Resources

Tom Insel, M.D. is the Director of the Nation Institute of Mental Health. He's working to change the way we think about mental illness because changing the way we think about mental illness will change the way we treat it.

As with other diseases that over the last several years have seen dramatic decreases in mortality rates, his message regarding mental illness is clear: "Early detection, early intervention is the story for success." There's something that comes along with early detection and early intervention that can be tough for parents and patients alike: a label.

Click the photo to watch Dr. Insel's TED talk, read more about it and to read a few of my thoughts about labels.

A comment that moved me. . .

Shortly after I published my post entitled Before and After (read the full text here), I received a comment from my cousin, Evelyn. Her words are filled with painful honesty and truth, and I wanted to share them with you. I contacted her first, and she gave me permission. Click the photo to read her comment and my responses, one of which is below:

And let me add, relative to my Before and After post, that I hope my writing never ever comes across as an oversimplification of such a complicated and complex issue. If love could heal mental illness, there would hardly be any left in the world. Every family member of every loved one suffering from mental illness I have met has deep love and respect for their ill loved one. Love alone does not cure mental illness. I believe in our power to positively influence one another, but there is as much or more negative out there as positive and its influence is as great or greater. Plus, love does not cure chemical imbalance and faulty wiring. There is, of course, so much for us to learn and so much to change as we navigate life with mental illness, it's not going to perfect. But I want to apologize here and now if my words came across as making the solution sound like all we had to do was join hands and sing Cumbaya a few times and problem solved! These issues are so multi-layered and complex. The system is making progress, but it is slow and inadequate and too late for some.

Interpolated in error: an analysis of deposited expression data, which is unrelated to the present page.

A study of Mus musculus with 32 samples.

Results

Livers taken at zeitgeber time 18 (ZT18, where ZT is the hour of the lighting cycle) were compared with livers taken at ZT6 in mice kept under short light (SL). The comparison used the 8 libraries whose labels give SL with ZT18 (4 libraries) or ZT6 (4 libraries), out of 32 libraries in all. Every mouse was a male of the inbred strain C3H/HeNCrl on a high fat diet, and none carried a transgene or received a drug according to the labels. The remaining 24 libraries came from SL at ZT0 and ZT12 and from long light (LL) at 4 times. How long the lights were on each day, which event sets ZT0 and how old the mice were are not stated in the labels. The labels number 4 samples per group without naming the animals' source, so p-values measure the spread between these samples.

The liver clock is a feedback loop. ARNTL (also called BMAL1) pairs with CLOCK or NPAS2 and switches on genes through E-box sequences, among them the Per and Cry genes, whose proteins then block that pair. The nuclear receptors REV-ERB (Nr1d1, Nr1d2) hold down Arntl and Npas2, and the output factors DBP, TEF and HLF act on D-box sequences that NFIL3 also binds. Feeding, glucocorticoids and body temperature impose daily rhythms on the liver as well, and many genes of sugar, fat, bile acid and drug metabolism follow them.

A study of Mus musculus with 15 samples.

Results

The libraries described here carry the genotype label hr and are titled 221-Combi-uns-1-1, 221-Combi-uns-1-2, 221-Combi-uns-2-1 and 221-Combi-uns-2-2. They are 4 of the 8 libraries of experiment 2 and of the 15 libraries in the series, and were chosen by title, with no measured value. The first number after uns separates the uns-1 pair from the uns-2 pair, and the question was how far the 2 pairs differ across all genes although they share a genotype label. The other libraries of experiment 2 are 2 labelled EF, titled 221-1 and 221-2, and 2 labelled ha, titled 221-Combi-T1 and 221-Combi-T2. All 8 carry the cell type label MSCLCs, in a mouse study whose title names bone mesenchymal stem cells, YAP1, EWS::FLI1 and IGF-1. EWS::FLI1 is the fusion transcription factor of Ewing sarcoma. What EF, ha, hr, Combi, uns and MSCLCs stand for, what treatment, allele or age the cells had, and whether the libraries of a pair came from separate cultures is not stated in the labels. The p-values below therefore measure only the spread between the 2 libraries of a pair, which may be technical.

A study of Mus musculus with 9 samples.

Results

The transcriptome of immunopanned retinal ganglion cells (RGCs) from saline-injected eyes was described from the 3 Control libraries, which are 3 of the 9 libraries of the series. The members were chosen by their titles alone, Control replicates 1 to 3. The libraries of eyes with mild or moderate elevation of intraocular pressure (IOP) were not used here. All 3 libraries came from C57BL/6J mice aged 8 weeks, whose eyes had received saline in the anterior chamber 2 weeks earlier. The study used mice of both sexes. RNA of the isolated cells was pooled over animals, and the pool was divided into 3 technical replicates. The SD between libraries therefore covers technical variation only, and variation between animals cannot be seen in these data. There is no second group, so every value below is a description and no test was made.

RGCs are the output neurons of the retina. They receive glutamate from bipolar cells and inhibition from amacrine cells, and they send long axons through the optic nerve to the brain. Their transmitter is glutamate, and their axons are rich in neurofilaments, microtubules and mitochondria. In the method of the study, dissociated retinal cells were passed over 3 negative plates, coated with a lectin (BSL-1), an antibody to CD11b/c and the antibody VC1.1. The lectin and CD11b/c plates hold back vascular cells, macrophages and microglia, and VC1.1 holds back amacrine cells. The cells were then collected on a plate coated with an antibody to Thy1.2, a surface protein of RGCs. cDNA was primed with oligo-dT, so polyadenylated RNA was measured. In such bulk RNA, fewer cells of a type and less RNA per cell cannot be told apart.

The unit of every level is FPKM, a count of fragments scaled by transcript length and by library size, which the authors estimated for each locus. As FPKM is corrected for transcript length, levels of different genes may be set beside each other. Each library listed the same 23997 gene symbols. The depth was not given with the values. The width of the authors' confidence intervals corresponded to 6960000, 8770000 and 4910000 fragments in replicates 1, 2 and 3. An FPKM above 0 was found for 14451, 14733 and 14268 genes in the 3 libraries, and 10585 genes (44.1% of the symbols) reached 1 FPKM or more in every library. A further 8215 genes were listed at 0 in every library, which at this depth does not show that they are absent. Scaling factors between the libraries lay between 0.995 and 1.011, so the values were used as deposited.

Hi, My Name Is. . .

I am honored to announce my first guest piece to appear on this site. Erika (who has requested that I withhold her last name) is a 21-year-old woman with an inspiring story of recovery from addiction. She also lives with mental illness. An incredible 35% of people living with mental illness have an addiction disorder. Her story is one of such hope that I couldn't wait to share it with you. Please help me welcome Erika to the site, and thank her for her bravery and wisdom..

If you struggle with addiction or mental health issues or a combination of the two, please know that you are not alone. Help is available. Recovery is real and it is possible.

Click the photo to read more of Erika's story.

Helping Her Helps Me

Last week was a big week for me.

Click the photo to find out more. Part one.

My "haps" around social media pt. 2

Jennie Nash, my editor and book coach, titled her Friday blog post last week, "What Bravery Looks Like In A Writer." I am so honored that her post was about me! I am working to embrace courage more often in my daily life (a lesson I learned from my lady crush, Brené Brown), but I didn't have much courage in regard to the piece I wrote (Helping Her Helps Me) because of the sensitive subject matter and because it involved my daughter. Jennie encouraged me to explore my reticence to attach my name to the essay, and to make sure I was making my decision for the right reasons. None of this would have happened without her, and I couldn't be more grateful.

To read more about my decision, click the photo.